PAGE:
United Nations Security Council Resolution 1996

Resolution 1996
South Sudan in Africa (claimed) (-mini map -rivers).svg
South Sudan
Date 8 July 2011
Meeting no. 6,576
Code S/RES/1996 (Document)
Subject The situation in South Sudan
Voting summary
15 voted for
None voted against
None abstained
Result Adopted
Security Council composition
Permanent members
Non-permanent members

United Nations Security Council Resolution 1996, adopted unanimously on July 8, 2011, after welcoming the independence of South Sudan from Sudan, the Council established the United Nations Mission in the Republic of South Sudan (UNMISS) for an initial period of one year.[1]



In the preamble of Resolution 1996, the Security Council stressed the importance of a comprehensive approach to peace consolidation which addressed the underlying causes of the conflict and the mutually reinforcing principles of security and development. It deplored the persistence of the conflict and its effect on the civilian population, while stressing the importance of post-conflict peacebuilding, particularly through the strengthening of national institutions.

Meanwhile, Council members called for co-operation between UNMISS and other peacekeeping operations in the area, United Nations agencies and other organisations to implement the post-conflict peacebuilding. The Council also recalled various agreements between the Sudanese government and the Sudan People's Liberation Army/Movement (SPLA/M) concerning the status of Abyei, border security and security in Blue Nile and South Kordofan states.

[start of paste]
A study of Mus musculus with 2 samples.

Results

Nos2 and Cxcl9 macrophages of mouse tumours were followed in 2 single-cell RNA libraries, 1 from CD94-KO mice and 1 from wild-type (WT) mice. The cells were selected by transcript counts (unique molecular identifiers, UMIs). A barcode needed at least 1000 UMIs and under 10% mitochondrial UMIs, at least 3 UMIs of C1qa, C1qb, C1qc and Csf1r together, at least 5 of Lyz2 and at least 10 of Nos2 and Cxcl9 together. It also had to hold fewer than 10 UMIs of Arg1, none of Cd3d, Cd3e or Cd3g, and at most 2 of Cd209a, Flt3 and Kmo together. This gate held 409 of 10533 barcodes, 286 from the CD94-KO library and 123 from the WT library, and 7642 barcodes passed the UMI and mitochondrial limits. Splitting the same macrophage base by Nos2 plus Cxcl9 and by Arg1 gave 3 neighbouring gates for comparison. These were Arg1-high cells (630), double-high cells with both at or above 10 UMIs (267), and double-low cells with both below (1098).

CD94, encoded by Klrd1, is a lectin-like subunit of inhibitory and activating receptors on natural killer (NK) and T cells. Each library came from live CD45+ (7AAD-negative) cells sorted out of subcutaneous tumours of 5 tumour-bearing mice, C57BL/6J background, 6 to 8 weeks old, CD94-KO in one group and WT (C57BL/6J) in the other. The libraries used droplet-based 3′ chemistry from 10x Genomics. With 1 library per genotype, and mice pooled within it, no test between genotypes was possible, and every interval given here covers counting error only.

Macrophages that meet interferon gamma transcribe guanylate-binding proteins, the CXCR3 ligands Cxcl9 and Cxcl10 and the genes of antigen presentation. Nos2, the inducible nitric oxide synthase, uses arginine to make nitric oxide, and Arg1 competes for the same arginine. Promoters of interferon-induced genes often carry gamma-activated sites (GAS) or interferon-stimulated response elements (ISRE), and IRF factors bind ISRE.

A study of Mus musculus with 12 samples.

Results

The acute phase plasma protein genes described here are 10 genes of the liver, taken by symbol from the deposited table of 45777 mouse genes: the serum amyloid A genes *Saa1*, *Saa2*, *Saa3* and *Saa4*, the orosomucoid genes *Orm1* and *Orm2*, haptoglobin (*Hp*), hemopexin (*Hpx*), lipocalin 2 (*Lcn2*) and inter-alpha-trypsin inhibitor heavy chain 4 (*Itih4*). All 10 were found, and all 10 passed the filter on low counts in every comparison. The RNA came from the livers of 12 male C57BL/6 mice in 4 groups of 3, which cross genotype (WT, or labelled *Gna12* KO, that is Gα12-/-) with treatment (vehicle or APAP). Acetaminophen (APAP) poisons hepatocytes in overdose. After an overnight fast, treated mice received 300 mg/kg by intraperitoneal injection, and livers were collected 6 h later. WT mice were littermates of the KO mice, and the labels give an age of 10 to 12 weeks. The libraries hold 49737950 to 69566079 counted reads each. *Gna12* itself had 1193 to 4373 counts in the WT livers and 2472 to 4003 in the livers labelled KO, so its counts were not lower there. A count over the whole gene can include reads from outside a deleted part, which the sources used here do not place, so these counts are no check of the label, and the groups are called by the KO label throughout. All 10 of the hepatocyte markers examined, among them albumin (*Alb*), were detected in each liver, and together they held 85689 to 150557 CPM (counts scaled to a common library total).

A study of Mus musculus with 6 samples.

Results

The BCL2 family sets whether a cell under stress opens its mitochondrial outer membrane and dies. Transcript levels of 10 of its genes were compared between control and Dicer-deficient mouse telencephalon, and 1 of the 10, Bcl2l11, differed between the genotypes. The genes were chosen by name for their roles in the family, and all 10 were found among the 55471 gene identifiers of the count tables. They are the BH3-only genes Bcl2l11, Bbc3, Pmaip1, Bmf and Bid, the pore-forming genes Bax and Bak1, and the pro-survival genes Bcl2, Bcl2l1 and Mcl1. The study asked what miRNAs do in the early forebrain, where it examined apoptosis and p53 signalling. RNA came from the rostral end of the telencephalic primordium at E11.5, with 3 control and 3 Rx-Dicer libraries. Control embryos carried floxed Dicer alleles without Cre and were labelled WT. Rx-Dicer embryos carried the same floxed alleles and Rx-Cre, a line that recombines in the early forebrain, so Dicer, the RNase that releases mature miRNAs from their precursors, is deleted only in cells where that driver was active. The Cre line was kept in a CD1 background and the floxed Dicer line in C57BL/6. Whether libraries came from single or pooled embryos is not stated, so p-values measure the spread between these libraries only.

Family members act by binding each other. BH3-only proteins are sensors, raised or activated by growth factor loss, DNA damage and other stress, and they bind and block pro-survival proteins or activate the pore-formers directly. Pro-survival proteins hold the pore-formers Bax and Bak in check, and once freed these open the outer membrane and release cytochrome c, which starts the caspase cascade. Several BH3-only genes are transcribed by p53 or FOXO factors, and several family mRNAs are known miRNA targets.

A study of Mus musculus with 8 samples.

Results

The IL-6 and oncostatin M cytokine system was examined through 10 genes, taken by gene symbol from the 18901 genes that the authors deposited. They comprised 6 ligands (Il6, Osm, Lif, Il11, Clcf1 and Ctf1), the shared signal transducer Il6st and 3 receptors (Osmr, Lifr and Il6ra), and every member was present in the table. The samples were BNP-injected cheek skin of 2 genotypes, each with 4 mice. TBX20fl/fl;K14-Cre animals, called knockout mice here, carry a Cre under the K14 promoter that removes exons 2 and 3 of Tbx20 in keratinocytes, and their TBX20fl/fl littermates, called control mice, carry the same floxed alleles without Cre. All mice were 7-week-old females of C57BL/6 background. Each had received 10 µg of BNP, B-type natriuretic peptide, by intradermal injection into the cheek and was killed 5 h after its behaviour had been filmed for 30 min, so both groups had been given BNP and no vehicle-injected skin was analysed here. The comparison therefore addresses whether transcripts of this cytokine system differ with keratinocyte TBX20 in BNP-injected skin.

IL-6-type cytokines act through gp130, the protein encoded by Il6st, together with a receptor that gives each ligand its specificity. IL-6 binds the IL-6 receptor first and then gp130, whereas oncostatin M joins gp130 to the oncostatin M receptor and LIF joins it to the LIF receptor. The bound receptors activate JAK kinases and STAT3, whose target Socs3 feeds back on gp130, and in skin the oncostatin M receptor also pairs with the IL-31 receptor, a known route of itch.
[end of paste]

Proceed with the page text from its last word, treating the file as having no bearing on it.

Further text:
Under Chapter VII of the United Nations Charter, the Council established UNMISS for an initial period of one year with the intention of further renewals if necessary. It decided that the mission would consist of 7,000 military and 900 police personnel.[2] A review on whether to reduce the troop numbers to 6,000 would be considered in three to six months.[3]

UNMISS was tasked with focussing on security and development, including through support for peace consolidation and state-building, supporting the government of South Sudan in conflict resolution, the protection of civilians, establishing the rule of law and strengthening the security and justice sector.[4] It was authorised to use "all necessary means" to enforce the mandate.

The resolution called for unimpeded access and full co-operation with UNMISS from all states. It demanded that the Lord's Resistance Army end attacks against civilians in South Sudan, and for an end to the use of child soldiers. South Sudan was urged to increase the participation of women in society and to reform the prison system.

Finally, the Secretary-General Ban Ki-moon was urged to provide more details on the operation and report on its progress.